Life after high school is a time of great change for many young adults

Build trust—and emphasize its importance by listening

Trust is the ability to confide and believe in one’s own abilities and those of others.

Trust is the basis of every functional relationship, including the one you have with your child. Your young adult’s ability to trust begins at home. Be ready to listen to your young adult with an open mind. By providing a supportive and nurturing environment, you are showing them what a trusting relationship looks like and helping them form the foundation on which their future relationships will be built. At times of struggle, they may just need to be heard and feel validated in their emotions. This is especially important at a time when your kid is probably feeling vulnerable navigating adult life. As your young adult gets older and has more experiences with relationships—both romantic and platonic—they are learning more about the role that this trust plays in their relationships and finding ways to apply it to their social interactions and friendships. “The best way to ensure that your young adult will return to you over and over again when they have challenges is if you demonstrate you can be their best listener,” education consultant Jennifer Miller says. Relationships will come and go, but it’s your job to show your young adult that you will always be there if they need someone to talk to.

Respect their privacy

Let them reveal what they want to about their relationships, and don’t press them if they don’t tell you everything.

“Tread carefully here and wait for opportunities to see if your child is asking for advice or not,” educational psychologist Dr. Michele Borba says. Don’t be too quick to barge in and give them unsolicited advice—it may backfire and they won’t want to tell you anything or worse, they’ll feel misunderstood. Wait for their cues. “You are building trust,” Miller says. “If they shut you out, don’t press too hard. Wait until they come to you. They need to trust that you won’t intrude or try to control their lives, but you’re interested and you’ll always be there.” If they are dating someone who you don’t particularly like or approve of, it may be best to back off. Unless their partner is causing your child harm, it’s not really your place to step in. This is an important time for self-exploration and healthy risk-taking, Miller says. As for friends, you can show that you are invested in important people in your kid’s life without pushing too much. “Offer fun opportunities to connect and engage with their friends,” Miller says. “But if they don’t take you up on it, try not to take it personally. Keep the door open, but don’t force it.” During this time, your young adult is establishing an independent identity and this may require some privacy. Parents don’t need to know all the details of their kid’s relationships!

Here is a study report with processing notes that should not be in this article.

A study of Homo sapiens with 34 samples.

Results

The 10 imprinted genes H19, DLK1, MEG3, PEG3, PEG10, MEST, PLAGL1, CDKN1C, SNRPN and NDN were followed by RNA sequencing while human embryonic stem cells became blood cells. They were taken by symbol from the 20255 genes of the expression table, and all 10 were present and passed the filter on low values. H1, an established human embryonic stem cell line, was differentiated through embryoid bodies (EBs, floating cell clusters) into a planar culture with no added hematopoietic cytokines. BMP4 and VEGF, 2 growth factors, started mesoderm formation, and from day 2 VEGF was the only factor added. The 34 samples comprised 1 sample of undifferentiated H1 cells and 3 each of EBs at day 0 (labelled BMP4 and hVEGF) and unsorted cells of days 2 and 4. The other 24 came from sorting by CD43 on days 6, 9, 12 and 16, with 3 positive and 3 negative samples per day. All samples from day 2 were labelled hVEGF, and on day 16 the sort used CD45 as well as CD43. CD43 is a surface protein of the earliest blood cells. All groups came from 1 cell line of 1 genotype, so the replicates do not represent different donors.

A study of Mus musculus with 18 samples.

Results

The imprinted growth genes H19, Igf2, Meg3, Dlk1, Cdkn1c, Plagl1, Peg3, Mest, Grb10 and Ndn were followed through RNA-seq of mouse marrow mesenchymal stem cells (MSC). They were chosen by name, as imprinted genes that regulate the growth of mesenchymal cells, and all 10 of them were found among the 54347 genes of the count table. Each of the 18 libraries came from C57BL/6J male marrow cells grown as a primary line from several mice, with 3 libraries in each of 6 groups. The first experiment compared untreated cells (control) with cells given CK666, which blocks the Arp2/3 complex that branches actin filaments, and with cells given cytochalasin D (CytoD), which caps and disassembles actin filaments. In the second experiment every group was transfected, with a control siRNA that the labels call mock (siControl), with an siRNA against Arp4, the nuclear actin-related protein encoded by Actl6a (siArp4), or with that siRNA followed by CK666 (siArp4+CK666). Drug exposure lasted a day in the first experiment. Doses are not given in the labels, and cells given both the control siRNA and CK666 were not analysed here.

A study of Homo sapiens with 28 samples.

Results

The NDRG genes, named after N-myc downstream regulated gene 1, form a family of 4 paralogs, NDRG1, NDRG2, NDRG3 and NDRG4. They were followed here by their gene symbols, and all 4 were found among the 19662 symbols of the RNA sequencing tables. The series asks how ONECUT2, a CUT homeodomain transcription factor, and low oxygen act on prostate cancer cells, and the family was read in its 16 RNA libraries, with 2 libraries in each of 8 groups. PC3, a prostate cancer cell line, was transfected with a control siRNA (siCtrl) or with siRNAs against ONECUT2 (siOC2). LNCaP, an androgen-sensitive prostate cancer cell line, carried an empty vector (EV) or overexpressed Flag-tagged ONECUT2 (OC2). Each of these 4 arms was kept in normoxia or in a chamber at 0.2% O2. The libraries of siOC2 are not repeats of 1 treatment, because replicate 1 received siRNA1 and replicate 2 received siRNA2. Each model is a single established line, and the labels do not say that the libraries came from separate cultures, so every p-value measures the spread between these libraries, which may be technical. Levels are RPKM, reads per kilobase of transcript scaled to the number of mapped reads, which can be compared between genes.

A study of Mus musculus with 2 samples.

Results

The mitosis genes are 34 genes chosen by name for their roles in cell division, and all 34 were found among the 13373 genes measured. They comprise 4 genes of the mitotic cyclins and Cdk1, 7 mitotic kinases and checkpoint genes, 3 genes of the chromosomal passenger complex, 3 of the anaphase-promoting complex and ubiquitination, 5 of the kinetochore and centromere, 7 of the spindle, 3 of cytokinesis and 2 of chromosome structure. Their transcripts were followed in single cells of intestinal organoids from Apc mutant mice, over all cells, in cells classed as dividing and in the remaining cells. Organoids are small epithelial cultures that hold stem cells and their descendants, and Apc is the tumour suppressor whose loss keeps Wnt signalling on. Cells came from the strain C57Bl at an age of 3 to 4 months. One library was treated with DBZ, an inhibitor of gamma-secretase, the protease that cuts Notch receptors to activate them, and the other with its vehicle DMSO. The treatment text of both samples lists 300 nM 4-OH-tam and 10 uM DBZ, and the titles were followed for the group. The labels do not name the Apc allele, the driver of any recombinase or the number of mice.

Share your experiences

You may have done some of this already while your kid was growing up, but now that they are graduated from high school and likely out of the house, it’s a good opportunity to open your personal stories up for conversation.

“Start from a place of mutual respect and understanding,” author and parenting expert Ana Homayoun says. No longer is your kid really a “kid” and it may be more comfortable to share some of the more intimate details about your relationships with them. Share with them some of your first love stories, the good and the bad. Tell them what your relationships looked like when you were in college or when you were really busy working your first real job. Talk about how you fell in love. What made you love the person? What qualities did you like? How did they make you feel? What did you do to show your partner you respected and trusted them? Did you feel they gave you that in return? For breakups, talk about the challenges and learning experiences. How did an ex end it in a hurtful way? What could have been done better? Was there a relationship that ended really amicably? Why did that happen and what did you do specifically to make it so? These are all questions young people may have a hard time answering for themselves because they just haven’t had the years of experience with heartbreak and love yet. However, be careful not to impose your experiences on your kid. Hearing wisdom from your experiences can be their start in navigating love and friendship, but they ultimately will form their own unique relationships.

Talk to them about abuse signs

There are some extreme cases where you may have to step in as a parent. If you know that your child is in an unhealthy or abusive relationship, you should talk to them about it.

This can be a very sensitive and challenging topic to approach, and some young adults may be resistant to hear what you have to say. Listen to what they have to say and give support, and avoid accusatory language. It is not their fault. Talk about the behaviors you don’t like, not the person. Borba says parents can call out one specific behavior or trait instead of talking about the person as a whole. For example, you could say “you seem to get a lot of constant texts and calls from your partner,” instead of “your partner is controlling and possessive.” Remember that there can still be love in an unhealthy relationship and you should respect your child’s feelings. Proactively talking about consent, unhealthy relationships, and the warning signs of dating abuse are also extremely important. Dating abuse can be physical, emotional, or sexual. Some of these signs include extreme jealously or possessiveness, unexplained marks or bruises, excessive texting and calling, and withdrawal from friends and family. Young adults should have some reference of these signs and also know where to go from more resources and support. Parents and young adults can contact for phone/chat/texting if any issues or questions arise.